Security Clearance Process

The SECRET Act of 2017

Another bill is making its way through Congress and is aimed getting the security clearance process fixed. California Senator Stephen Knight proposed the bill last July and it was passed by the House that same month.  H.R. 3210, also known as the Securely Expediting Clearances Through Reporting Transparency (SECRET) Act of 2017, would require the National Background Investigations Bureau (NBIB) to submit reports within 90 days on three areas: security clearance investigations backlog status with statistical data, as well as a backlog mitigation plan; the security clearance investigation and adjudication process for those working in the Executive Office of the President; and identifying duplicative costs associated with the Defense Security Service should they take over investigations for DoD.

If passed, the bill also requires the Office of the Director of National Intelligence (ODNI) to submit a report within 120 days on the status of government-wide implementation of continuous evaluation programs and provide details on how various agencies have implemented reciprocity of clearances. Another section of the bill asks ODNI to provide recommendations on simplifying the SF-86 and using it across other types of investigations in order to be able to crossover clearance applicants faster. The last section of the bill addresses position designation requirements and responsibilities across the entire U.S. Government for Federal employees and contractors.

This bill was amended by the House back in July and sent to the Senate in late November. Despite all the hubris about clearance investigation process reforms and DSS and NBIB squaring off against each other, there appears to be no hurry or consensus on how to fix the backlog issue and overall security clearance process. Applicants continue to wait an interminable amount of time for access eligibility.


  1. Congress wants to help… OH NO!!! RUN FOR IT!!!

  2. I feel like a much better solution is to stop over classifying info. Isn’t a bunch of top secret stuff open source reports from like the NYT for example. If the secret stuff is properly classified less people need a clearance to do work.

  3. All classified requires an Original Classification authority to deem it classified. There are very few OG classifying authorities as I understand. We are all responsible for derivative classification, which simply means carrying forward the classified markings as presented to us. In a perfect world, yes we should always be alert to challenge classification decisions. Hopelessly, endlessly clogging the system in challenges hardly seems efficient or effective (to me). At times an item is deemed classified based on compilation, meaning X plus Y together can compromise a classified item. So whereas it may not seem appropriate on face value, it may be if items are presented together in certain formats.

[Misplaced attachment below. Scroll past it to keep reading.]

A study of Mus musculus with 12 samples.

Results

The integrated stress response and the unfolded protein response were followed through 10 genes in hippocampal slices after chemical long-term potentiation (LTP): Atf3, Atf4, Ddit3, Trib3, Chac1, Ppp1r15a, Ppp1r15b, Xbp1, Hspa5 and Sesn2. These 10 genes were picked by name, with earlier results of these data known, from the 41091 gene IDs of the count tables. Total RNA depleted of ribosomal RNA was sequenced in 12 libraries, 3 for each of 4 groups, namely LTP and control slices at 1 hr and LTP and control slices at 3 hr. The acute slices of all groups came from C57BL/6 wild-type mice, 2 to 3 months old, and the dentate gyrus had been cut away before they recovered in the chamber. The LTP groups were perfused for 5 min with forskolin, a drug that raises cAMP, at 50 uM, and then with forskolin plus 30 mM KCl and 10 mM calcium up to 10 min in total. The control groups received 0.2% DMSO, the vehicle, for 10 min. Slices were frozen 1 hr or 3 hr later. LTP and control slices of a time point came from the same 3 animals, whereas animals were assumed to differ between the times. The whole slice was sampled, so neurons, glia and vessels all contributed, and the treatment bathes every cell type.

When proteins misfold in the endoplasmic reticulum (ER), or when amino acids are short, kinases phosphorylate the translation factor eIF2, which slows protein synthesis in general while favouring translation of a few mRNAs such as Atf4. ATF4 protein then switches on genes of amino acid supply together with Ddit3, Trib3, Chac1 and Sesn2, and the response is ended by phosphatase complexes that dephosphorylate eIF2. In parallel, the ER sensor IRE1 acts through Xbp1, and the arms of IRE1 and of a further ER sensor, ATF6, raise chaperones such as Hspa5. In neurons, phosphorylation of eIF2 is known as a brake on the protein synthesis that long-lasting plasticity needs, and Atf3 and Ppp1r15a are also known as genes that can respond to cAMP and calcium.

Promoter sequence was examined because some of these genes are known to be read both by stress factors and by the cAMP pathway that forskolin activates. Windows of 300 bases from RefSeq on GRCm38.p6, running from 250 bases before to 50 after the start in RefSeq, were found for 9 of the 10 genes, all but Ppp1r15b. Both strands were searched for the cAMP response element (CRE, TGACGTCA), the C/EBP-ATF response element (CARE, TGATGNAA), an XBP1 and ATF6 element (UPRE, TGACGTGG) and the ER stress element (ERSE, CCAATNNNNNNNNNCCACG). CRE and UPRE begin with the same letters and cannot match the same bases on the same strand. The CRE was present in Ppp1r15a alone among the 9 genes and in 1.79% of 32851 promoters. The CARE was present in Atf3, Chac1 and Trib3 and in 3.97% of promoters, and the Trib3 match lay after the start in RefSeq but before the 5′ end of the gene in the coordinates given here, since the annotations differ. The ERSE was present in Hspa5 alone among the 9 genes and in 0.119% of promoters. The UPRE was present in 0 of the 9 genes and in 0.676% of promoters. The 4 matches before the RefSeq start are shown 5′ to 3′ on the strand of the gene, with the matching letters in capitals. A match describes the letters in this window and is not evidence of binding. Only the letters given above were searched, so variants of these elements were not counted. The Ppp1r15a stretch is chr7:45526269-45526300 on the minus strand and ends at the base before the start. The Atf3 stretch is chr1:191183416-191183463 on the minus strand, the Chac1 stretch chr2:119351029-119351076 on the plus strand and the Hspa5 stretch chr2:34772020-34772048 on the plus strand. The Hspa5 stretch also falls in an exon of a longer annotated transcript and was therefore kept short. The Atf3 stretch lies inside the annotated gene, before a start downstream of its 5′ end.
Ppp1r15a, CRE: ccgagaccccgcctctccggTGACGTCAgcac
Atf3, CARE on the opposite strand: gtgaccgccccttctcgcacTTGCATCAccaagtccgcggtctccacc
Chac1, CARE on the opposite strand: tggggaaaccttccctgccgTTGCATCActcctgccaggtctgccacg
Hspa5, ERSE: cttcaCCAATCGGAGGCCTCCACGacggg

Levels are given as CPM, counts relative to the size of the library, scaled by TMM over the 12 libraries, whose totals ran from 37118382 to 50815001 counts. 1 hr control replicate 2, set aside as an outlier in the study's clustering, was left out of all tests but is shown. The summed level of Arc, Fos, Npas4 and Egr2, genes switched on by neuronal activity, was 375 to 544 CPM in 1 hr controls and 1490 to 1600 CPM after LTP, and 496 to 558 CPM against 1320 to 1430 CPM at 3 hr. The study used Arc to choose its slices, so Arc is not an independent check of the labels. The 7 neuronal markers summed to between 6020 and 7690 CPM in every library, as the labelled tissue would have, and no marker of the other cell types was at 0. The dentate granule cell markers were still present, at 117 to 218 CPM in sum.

This is quite different from using an automated classification system and clicking on TS because you want to be on the safe side. Those annoying practices should be addressed in annual employee training (that most doze through). Computer based training…the wonder child of the mid 2000’s…obviously isn’t getting the job done.

  4. I’m still a little lost on how this bill helps speed up the process?

  5. You and me both. But I guess it will look good in the newsletter he sends to his district.

  6. In unrelated but possibly related news - David Turpin, the father who kept his 13 kids in horrible conditions, worked for Lockheed and Northrup. I hope these children can somehow find the ability to cope and live a better life but can’t even begin to imagine what they went through.

    Do you think there is any chance he had a security clearance? If so, and depending on the investigation type, there is a very slim chance investigators could have caught something by talking to neighbors. I wonder if it would be good for investigations to include a welfare check on applicants residences? Just a quick in person at the residence while in the neighborhood to make sure nothing sinister is going on.